2018 Engineering Emmy Awards Presented
A day of destiny coincides with a fête for technical feats.
Willy Sanjuan/Invision/AP Images
October 24 was a memorable day for Wendy Aylsworth. She marked what would have been her late father's 100th birthday while celebrating the birthday of her third grandchild. And in the evening, Aylsworth received the highest honor bestowed on an individual at the Television Academy's 2018 Engineering Emmys: the Charles F. Jenkins Lifetime Achievement Award, recognizing a living person whose ongoing contributions have significantly affected television technology and engineering.
"This day is so filled with karma for me," Aylsworth said from the podium at the JW Marriott in downtown Los Angeles, as she acknowledged a standing ovation. "I feel like it's a destiny I never saw coming."
Destiny, perhaps, but also a reward for the hard work and vision she has brought to the television industry as a technology executive, having spent more than twenty years at Warner Bros. Studios, ultimately as senior vice-president, technology, corporate technical operations. Earlier, at the Walt Disney Company, she directed technology support for feature animation and software development for theme park attractions. Currently the CEO of Walden Pond and president of UltraViolet, she is a former chair of the Academy's Engineering Awards committee, now headed by Barry Zegel.
The Engineering Emmys — which honor individuals and companies for significant technical achievements in television — was the fourth and final event of the landmark 70th Emmy season, as well as the final Emmy night for Academy chairman Hayma Washington; he is not seeking a second term in favor of returning to production.
"What an honor it has been to be of service to you," Washington said in his welcoming remarks, "and I thank you for that honor."
The awards were hosted for the third consecutive year by Kirsten Vangsness, who plays technical analyst Penelope Garcia on CBS's Criminal Minds. She performed an original song singling out each honoree with clever lyrics — "I can't do what you do, but I can rhyme!" — and encouraged an audience singalong for the closing chorus, a series of "meows" in recognition of Engineering Plaque recipient CATS Cam, whose animal-borne multi-sensor video system provides filmmakers an animal's point of view without disturbing its natural behavior.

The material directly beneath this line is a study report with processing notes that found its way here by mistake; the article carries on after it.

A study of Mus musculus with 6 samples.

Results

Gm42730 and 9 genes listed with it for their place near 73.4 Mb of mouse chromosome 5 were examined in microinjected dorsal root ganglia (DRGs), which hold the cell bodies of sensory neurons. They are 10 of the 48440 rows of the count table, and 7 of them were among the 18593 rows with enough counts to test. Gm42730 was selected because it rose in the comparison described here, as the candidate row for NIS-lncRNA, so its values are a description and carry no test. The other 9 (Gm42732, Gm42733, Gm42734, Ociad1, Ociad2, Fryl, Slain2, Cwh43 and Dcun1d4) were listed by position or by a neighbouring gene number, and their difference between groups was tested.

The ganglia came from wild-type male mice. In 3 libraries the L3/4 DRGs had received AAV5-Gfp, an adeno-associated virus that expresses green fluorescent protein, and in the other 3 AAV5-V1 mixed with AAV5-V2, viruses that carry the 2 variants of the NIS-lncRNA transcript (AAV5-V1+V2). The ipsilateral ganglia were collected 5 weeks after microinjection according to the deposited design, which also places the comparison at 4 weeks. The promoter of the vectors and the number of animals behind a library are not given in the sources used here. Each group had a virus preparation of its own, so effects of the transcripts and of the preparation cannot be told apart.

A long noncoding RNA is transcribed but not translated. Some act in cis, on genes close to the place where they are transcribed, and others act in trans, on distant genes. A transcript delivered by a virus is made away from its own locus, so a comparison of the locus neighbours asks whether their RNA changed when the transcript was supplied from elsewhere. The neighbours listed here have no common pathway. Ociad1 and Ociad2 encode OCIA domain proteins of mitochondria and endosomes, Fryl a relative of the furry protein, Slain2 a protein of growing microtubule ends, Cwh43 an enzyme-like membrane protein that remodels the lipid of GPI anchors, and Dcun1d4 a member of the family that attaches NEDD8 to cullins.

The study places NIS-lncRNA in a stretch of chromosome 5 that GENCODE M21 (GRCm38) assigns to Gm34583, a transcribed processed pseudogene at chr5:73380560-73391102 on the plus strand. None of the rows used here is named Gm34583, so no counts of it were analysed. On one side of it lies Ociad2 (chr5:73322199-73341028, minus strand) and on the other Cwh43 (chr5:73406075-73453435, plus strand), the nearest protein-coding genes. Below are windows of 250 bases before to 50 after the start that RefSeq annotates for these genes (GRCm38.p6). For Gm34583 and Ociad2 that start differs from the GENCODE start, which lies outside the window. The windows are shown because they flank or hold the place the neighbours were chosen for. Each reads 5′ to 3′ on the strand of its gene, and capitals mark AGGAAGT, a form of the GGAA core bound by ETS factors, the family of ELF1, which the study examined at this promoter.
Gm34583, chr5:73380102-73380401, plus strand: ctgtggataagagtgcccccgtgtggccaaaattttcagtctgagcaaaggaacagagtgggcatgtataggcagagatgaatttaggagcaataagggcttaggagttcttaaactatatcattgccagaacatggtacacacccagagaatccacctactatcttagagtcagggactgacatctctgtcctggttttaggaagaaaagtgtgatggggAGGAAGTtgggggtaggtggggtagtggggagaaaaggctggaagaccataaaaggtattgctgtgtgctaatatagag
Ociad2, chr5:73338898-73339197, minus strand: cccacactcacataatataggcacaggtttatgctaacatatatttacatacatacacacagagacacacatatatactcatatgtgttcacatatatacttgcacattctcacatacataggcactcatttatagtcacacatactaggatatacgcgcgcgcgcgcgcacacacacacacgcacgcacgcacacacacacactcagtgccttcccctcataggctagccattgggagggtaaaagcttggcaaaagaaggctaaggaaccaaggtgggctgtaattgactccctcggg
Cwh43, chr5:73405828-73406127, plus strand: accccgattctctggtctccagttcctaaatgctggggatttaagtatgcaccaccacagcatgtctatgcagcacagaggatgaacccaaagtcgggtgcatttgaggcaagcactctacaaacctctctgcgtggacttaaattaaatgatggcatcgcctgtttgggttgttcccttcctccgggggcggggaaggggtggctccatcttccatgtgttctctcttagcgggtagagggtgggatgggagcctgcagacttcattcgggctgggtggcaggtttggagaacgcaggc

This year's recipient of the Philo T. Farnsworth Corporate Achievement Award was Avid Technology; the award honors a company or institution whose contributions over time have significantly affected television technology and engineering. Founded in 1988 by Bill Warner, Avid overcame the deficiencies of linear editing and restructured the way television content was created with its Media Composer non-linear editor, the first to digitize video. Since then, the firm has introduced numerous tools to advance television and film editing and other postproduction tasks.
"To receive the Farnsworth Award is a high point in over thirty years of technology innovation for television, film, music and media," Avid CEO Jeff Rosica said. "On behalf of everyone at Avid Technology around the world, we're grateful to the Television Academy for this distinction." Noting Farnsworth's own excitement that his television creation worked, Rosica added that "the bottomless passion for media technology innovation continues with the Avid colleagues who are surrounding me and facing all of you right now."
Also present were members of the Society of Motion Picture and Television Engineers (SMPTE), in town for their annual technology conference. In her own acceptance speech, Aylsworth noted the benefits of serving both SMPTE (she is a past president) and the Television Academy, and urged audience members to join such organizations. "I've given many wonderful hours to the Television Academy, but I've received so much more in the relationships I've made and the knowledge I've gained from the colleagues I've worked with."
In addition to the two awards and the Engineering Plaque, Emmys were given to five recipients:
- The Artemis Digital Director's Viewfinder, from the Chemical Wedding company, a mobile-device application that allows filmmakers to accurately pre-visualize shots before they are physically available;
- Blue Mix-Fi Headphones, which deliver a true reference sound quality to audio mixers and editors and studio musicians who need accurate reference and isolation in loud working environments;
- cineSync, from parent company Cospective, a review and approval tool that allows users to watch high-resolution, high-frame-rate video at the same time, anywhere in the world;
- Codex Recording Platform and Capture Media, technology which, as recording standards have evolved, has enabled the recording of uncompressed digital negatives in a way that allows digital storytellers to capture all the detail required for a high-quality final product;
- PRG GroundControl Followspot, which enables an operator to work safely from the stage floor instead of perched high in soundstage rafters or other dangerous locations.
About the 2018 Engineering Emmy Awards
The 2018 Engineering Emmy Awards are overseen by Chair Barry Zegel and committee members Wendy Aylsworth, Stuart Bass, Bob Bronow, Jim DeFilippis, Greg Gewickey, Frank Morrone, Leon Silverman, David Stump, and Craig Weiss.